It's a Remix, Not a Mash Up
Mixing Tunes, Gold Chains, and Day Jobs
Published: Wednesday, August 24, 2011
Updated: Wednesday, August 24, 2011 19:08
Max Tannone, formerly known as Minty Fresh Beats, is the 25-year-old responsible for 2009's Jay-Z and Radiohead remix album, Jaydiohead. Two years later, while holding down a day job, the DJ is still mixing things up with projects that have included collaborations with the Beastie Boys and Brooklyn rap artist, Richard Rich.
Tannone recently finished Ghostfunk, a remix of Ghostface Killah and funk beats.
Advocate: How did you get started? A lot of us found you because of Stereogum.com, back when the Jaydiohead album first came out.
Max Tannone: I used to DJ back in high school—dances and parties in my town. I started experimenting with creating music. This was back when The Neptunes were really dominating the R&B scene back in 2000 or 2001, and I really wanted to learn how to do that—making a hip-hop beat—so I got a computer and just started messing around with it.
As far as mixing Jay-Z and Radiohead, I was just bored and decided to do it one day. I kind of sat on it for a year and then I thought of the name for it. I figured that I should just do a whole project on it.
A: So, how did you come up with your moniker, Minty Fresh Beats?
MT: Well, it's funny because I actually don't really use it anymore. I got a cease-and-desist letter from Minty Fresh Records in Chicago.
After I did the Jaydiohead thing, they sent a letter to my house. It was from a law firm and they said I had to stop using the name or they were going to sue me. All it amounted to was my MySpace page and what I had written on the cover of the Jaydiohead thing. As for where I got it, I don't really know. I just made it up when I was 15 and was using it as my screen name and stuff. Now I just use my regular name.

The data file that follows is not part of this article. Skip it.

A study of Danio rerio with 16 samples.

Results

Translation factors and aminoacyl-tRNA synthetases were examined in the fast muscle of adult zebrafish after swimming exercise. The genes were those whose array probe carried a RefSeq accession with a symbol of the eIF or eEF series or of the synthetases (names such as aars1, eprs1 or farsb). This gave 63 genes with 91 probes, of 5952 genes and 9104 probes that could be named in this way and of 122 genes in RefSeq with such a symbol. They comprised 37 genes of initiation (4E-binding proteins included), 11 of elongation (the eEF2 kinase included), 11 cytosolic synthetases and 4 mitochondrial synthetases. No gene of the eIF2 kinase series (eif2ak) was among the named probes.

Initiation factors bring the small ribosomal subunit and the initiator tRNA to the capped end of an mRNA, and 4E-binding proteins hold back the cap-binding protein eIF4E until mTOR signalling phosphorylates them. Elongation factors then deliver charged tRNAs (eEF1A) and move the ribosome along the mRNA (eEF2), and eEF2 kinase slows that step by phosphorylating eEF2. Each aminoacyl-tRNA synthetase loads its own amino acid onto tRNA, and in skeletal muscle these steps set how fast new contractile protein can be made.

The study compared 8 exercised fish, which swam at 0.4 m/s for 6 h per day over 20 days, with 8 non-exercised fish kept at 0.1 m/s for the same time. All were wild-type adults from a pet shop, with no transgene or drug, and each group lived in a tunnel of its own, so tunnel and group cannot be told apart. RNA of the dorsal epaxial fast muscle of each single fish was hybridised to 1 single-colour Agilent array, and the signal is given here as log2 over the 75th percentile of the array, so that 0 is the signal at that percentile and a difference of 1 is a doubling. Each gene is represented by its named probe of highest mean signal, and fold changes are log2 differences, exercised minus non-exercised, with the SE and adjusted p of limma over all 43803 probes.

A: So, did you hear from either of the bands about what you did with the Jaydiohead album?
MT: I never heard anything from Radiohead, but Jay-Z tweeted that he liked it, which was really cool. It was really crazy when I first saw that…just knowing that I reached him. It's just a testament to the power of social media and the internet.
A: Can you talk about what you've been doing since Jaydiohead?
MT: Well, Jaydiohead came out at the beginning of 2009, and since then I've been doing more remix projects. I really shy away from the term "mashup" just because I kind of wince when I hear it. I feel like it carries a negative connotation.
I mean, you can call it whatever you want, but I guess I'm trying to bridge the line between a mashup and a remix.
After Jaydiohead, I did a project for the Beastie Boys. They reached out to me and asked if I would be interested in doing a similar project taking all the source material from their Check Your Head record. I took the songs that were more instrumental and used those as the base and put a cappellas from their more rap-style songs over the beats. I called it, Double Check Your Head.
A: Have there been any other notable projects?
MT: I did this other project called Mos Dub, which was Mos Def and dub music—Jamaican instrumental reggae music. Pretty much from the 70s, which was fun. I also did a project called Dub Kweli, which was dub music and Talib Kweli, who works a lot with Mos Def.
A: Do you have any music genres that you wouldn't be caught dead listening to?
MT: I don't know. I'm not embarrassed by anything. Well, this is kind of cliché, but I don't really listen to any country. Other than that, I don't know. If I was dead and listening to country music, I don't know that I'd be upset. Caught me– I'm making a joke.
A: So, what is your background outside of music? Did you go to university or do you have a job on the side?
MT: I went to school to study information technology, but I decided I didn't want to work in that field when I graduated. I did the whole cubicle thing, and I just wasn't happy. I didn't know what I wanted to do. I mean, I know what I want to do now—I want to live off music—but I'm still figuring it out. I didn't get a job off my degree. If the music thing doesn't work out, I might have to. I support college. College is great, but you have to do what makes you happy.